Sublime Desire: History and Post-1960s Fiction (Johns Hopkins, Poetry and Fiction)by Amy J. Elias
Synopses & Reviews
The final chapter draws from trauma theory in Holocaust studies to define how fiction can pose an ethical alternative to aestheticized history while remaining open to pluralism and democratic values. In its range and sophistication, the book should be a valuable addition to postmodernist studies as well as to studies of the historical romance novel.
Has twentieth-century political violence destroyed faith in historical knowledge? What happens to historical fiction when history is seen as either a form of Western imperialism or a form of postmodern simulation?
In Sublime Desire, Amy Elias examines our changing relationship to history and how fiction since 1960 reflects that change. She contends that postmodernism is a post-traumatic imagination that is pulled between two desires: the political desire to acknowledge the physical violence of twentieth-century history, and the yearning for an escape from that history into a ravishing realm of historical certainty. Torn between these desires, both historical fiction and historiography after 1960 redefine history as the sublime, a territory beyond lived experience that is both unknowable and seductive. In the face of a failure of Enlightenment ideals about knowledge and the West's own history of violence, post-World War II history becomes a desire for the secular sacred sublime — for awe, certainty, and belief.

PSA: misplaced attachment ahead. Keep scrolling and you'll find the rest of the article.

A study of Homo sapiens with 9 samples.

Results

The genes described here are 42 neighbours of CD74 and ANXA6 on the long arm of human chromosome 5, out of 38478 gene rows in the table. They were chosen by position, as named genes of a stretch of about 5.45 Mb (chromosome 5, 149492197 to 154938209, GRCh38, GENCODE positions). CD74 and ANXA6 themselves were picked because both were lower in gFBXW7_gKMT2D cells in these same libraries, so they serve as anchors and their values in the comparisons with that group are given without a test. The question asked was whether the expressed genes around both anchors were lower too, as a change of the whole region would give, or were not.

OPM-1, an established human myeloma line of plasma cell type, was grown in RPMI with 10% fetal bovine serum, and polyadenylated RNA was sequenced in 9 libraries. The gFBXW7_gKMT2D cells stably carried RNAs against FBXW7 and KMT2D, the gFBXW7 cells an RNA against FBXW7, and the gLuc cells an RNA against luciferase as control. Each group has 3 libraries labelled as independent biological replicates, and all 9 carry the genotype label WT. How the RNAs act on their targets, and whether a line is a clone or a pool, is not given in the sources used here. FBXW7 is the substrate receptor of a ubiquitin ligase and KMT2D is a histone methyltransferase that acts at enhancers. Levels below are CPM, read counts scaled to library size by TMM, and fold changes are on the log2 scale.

Sublime Desire is an eloquent melding of theory and practice. Mixing the canonical with the unexpected, Elias analyzes developments in the historical romance genre from Walter Scott's novels to novels written today. She correlates developments in the historical romance to similar changes in historiography and philosophy. Sublime Desire draws engagingly on more than thirty relevant texts, from Tolstoy's War and Peace to Jeanette Winterson's Sexing the Cherry, Charles Johnson's Dreamer, and Charles Frazier's Cold Mountain. But the book also examines theories of postmodern space and time and defines the difference between postmodern and postcolonial historical perspectives. The final chapter draws from trauma theory in Holocaust studies to define how fiction can pose an ethical alternative to aestheticized history while remaining open to pluralism and democratic values. In its range and sophistication, Sublime Desire is a valuable addition to postmodernist studies as well as to studies of the historical romance novel.